Three back-to-back silver medals in the Americas Cup Triathlon series has put Emy Legault of Quebec right where she wants to be: in contention. “It’s a milestone for me to be racing against Kristen Kasper and Rachel Klammer and actually be in the game,” Legault says of her podium in Sarasota earlier this year. “Even a year ago, I would’ve been right off the back.” From questioning her place in the sport to three podiums in a row, 2022 is proving to be a breakthrough for Legault.
Legault has been in triathlon since she was a child, successfully racing her way up the ranks with a dream to represent Canada at the Olympics. “When I was fourteen or fifteen it became a dream to go to the Olympics, but only when I was eighteen it became a goal—when it was more realistic,” Legault says. When she was nineteen, Legault earned a spot on the national team for the first time, but after a crash at world championships and a lackluster year after that, Legault lost her place on the team. Bravely, she then accepted an invitation to move to Hong Kong, following her coach, and train with the national team there as a professional training partner. “It really helped me develop as an athlete and a person. I had never been to Asia before. It was a totally different culture, but I loved seeing the city, living with the team, training with them, and seeing more of Asia,” Legault says. “But it was hard sometimes because I was far away from home, and I couldn’t just go back home when I wanted to.”
When the pandemic hit, Legault was in Australia for a race, so she was forced to go directly back to Canada. Without returning to Hong Kong first, she didn’t have a chance to say goodbye to her teammates, let alone collect her things. She was also left without a contract and without a coach. “I cried a lot at the beginning,” Legault admits. “I didn’t have a coach for two weeks. I didn’t know what was going on or what I was going to do. I didn’t know if I wanted to keep going with triathlon. There comes a point when you haven’t improved in years, you just don’t know what to do any more,” she explains.
Out of the harsh transition, however, Legault realized she needed to be at home in Canada if she wanted to keep going. She started to train with her local triathlon club again and run with her sister on the weekends. “I loved my experience in Hong Kong, but I didn’t realize how much being home makes a difference for me. I’m still not always home because I have to go to training camps, but I know within a few months I’ll be home again,” Legault says. “My family is a big part of it. My parents are a big part of me staying mentally healthy and my sister is my best friend.”
Legault also reconnected with her original coach, Kyla Rollinson, and during the pandemic “there were major changes” to her running. “Running has always been the part that messes up my race. The swim and bike would go well and then everyone would go by me,” Legault says. At an altitude training camp in Ecuador in December, 2021, Legault’s running finally showed real racing promise. With two races in Chile, Legault set her sights on Brazil’s Luisa Baptista to test her new run form. “I asked my coach: ‘do you think she is beatable?’ And she said yes. That was it.”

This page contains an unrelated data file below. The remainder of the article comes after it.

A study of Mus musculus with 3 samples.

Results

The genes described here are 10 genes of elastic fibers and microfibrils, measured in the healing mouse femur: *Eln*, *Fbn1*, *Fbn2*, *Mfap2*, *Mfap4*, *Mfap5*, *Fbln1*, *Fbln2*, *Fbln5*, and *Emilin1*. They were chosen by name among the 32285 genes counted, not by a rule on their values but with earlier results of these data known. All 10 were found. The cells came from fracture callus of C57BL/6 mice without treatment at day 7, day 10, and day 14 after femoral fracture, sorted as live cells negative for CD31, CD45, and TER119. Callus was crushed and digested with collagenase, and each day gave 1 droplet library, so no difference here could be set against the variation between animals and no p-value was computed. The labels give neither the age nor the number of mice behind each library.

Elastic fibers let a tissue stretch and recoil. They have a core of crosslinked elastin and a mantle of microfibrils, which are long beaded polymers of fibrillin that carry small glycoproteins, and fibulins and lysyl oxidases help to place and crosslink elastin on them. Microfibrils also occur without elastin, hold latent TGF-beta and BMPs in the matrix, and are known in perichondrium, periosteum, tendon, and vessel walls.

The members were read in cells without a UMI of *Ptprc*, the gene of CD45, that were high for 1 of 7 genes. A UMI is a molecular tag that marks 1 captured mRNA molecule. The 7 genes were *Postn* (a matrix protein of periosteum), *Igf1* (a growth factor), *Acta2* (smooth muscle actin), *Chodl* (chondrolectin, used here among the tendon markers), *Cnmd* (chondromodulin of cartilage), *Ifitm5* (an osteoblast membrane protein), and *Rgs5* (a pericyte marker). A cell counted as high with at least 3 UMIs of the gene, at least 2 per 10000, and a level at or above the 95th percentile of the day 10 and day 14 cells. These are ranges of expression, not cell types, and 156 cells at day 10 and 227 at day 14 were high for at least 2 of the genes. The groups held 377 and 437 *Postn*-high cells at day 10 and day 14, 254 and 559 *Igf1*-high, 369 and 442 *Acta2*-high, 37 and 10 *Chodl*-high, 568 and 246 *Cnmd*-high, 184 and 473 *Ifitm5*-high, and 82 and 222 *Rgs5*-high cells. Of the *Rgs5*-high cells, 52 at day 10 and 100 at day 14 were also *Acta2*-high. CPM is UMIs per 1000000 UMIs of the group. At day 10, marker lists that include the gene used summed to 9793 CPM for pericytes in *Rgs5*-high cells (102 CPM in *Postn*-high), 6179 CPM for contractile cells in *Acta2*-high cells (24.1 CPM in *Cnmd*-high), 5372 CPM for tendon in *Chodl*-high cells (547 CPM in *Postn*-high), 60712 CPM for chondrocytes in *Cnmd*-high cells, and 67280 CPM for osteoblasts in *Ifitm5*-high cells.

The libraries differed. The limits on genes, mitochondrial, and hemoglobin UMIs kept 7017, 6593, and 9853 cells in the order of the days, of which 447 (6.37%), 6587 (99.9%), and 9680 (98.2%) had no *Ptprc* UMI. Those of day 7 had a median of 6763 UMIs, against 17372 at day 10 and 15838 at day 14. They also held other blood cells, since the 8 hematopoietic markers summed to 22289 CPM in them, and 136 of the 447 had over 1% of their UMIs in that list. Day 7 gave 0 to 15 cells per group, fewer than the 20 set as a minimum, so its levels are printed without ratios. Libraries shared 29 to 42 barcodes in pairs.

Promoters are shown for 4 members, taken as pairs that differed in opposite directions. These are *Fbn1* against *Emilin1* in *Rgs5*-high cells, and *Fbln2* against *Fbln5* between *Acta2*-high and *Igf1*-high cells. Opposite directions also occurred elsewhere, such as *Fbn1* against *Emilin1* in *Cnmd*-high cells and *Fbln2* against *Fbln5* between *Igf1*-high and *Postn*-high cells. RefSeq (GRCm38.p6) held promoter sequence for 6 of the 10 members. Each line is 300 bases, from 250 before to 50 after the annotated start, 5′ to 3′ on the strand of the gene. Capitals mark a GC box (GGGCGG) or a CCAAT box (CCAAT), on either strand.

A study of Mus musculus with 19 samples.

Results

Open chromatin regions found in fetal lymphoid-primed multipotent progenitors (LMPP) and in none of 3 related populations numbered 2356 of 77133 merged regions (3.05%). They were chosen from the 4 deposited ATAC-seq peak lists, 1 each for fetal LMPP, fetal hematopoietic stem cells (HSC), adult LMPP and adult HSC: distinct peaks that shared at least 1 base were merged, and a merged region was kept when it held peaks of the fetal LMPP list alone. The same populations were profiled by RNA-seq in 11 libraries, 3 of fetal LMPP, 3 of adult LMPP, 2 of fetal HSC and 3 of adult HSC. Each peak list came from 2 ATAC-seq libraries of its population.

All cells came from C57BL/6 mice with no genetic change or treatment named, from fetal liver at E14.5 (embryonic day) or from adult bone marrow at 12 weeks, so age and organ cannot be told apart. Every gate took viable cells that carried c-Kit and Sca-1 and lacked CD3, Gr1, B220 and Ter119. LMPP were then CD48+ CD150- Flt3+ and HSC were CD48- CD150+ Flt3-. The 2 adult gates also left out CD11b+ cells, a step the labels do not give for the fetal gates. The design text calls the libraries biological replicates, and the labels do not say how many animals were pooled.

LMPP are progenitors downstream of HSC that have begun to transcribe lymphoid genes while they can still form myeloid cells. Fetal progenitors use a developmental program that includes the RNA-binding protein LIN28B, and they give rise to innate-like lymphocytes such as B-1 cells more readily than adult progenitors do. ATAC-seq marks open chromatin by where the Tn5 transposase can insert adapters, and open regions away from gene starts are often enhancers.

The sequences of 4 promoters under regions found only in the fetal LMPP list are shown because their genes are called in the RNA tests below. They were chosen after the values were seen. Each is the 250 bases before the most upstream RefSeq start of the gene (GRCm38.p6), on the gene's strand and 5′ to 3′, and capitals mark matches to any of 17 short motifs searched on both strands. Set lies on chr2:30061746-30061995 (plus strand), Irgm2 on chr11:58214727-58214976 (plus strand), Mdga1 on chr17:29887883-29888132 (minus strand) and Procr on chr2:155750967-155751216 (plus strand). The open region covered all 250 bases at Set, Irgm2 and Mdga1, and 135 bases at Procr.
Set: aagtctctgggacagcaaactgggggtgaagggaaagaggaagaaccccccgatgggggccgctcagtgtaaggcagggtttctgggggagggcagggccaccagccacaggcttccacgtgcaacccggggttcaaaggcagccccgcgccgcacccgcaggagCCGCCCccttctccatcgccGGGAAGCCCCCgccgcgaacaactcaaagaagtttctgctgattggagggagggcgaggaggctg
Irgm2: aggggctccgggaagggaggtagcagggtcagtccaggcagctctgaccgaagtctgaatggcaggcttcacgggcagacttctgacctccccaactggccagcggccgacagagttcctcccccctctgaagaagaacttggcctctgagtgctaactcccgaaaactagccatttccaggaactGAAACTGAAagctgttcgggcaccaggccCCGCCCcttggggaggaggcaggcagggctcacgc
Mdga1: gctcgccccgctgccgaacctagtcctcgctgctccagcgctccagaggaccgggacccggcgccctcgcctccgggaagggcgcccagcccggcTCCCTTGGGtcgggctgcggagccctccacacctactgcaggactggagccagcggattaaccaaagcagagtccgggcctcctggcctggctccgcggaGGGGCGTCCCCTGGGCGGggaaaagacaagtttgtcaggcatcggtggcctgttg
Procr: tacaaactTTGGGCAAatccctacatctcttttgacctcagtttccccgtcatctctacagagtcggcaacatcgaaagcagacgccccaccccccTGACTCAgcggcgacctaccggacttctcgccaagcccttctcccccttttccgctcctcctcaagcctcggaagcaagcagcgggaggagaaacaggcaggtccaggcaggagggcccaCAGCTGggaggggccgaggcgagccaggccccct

In Viña del Mar, Legault put herself on the heels of Baptista: “I felt like we were going so fast. I felt like we were sprinting. But I thought, I’ll just see if I can do one kilometer.” Mentally taking the run in small pieces, Legault stayed with Baptista stride for stride. It came down to a sprint finish and, although Baptista claimed the win, finishing second and being in contention for the win was a milestone for Legault.
Only a week later, the two would meet again in Villarrica. Out of T2 with a lead, Legault set a hard pace, expecting Baptista to catch her quickly. “In the first race, she would never let me pass. If I came onto her shoulder she would accelerate. So, in the second race, I was just ready to follow her. But it took three kilometers for her to catch me. I was confused at the beginning when she sat on my shoulder. I wasn’t expecting to lead it,” Legault says. The two passed one another back and fourth during the ten kilometers, but eventually Baptista would out-sprint Legault again.
Legault would find herself in a third sprint finish a few weeks later in Sarasota, this time finishing second to Kristen Kasper with Rachel Klammer rounding out the podium.“My coach said we’re getting a sprint coach to work on my finish,” she says with a smile.
After three podiums in a row, Legault set off to the World Triathlon Championship Series race in Yokohama, where she finished 21st. From here on in she embarks on a two-year campaign for Olympic qualification. Her next race is in Huatulco, Mexico on June 18. This year she also has her sights set on the Commonwealth Games and finishing her university studies. While she credits her running improvement as the key to her breakthrough, she says it wasn’t just about the physical changes. “One of the biggest things—and it’s something I can’t ignore—is that we’ve realized for me being home is happy and a happy athlete is a fast athlete.”
Emy Legault’s Gear:
Wetsuit: BlueSeventy Helix
Goggles: Vorgee Missile
Trisuit: Canadian National Team (2XU)
Bike: Specialized Tarmac SL7
Components: Shimano Ultegra Di2
Bike Shoes: Specialized Sworks 7 Vent
Wheels: Roval CL50
Running Shoes: Brooks Ghost, Asics Speed
Sunglasses: Oakley Radar / Sutro / Kato
Tech: Garmin Forerunner 945 – Garmin Edge 520
Nutrition: Näak, Brix
This story originally appeared in the May, 2022 issue of Triathlon Magazine Canada.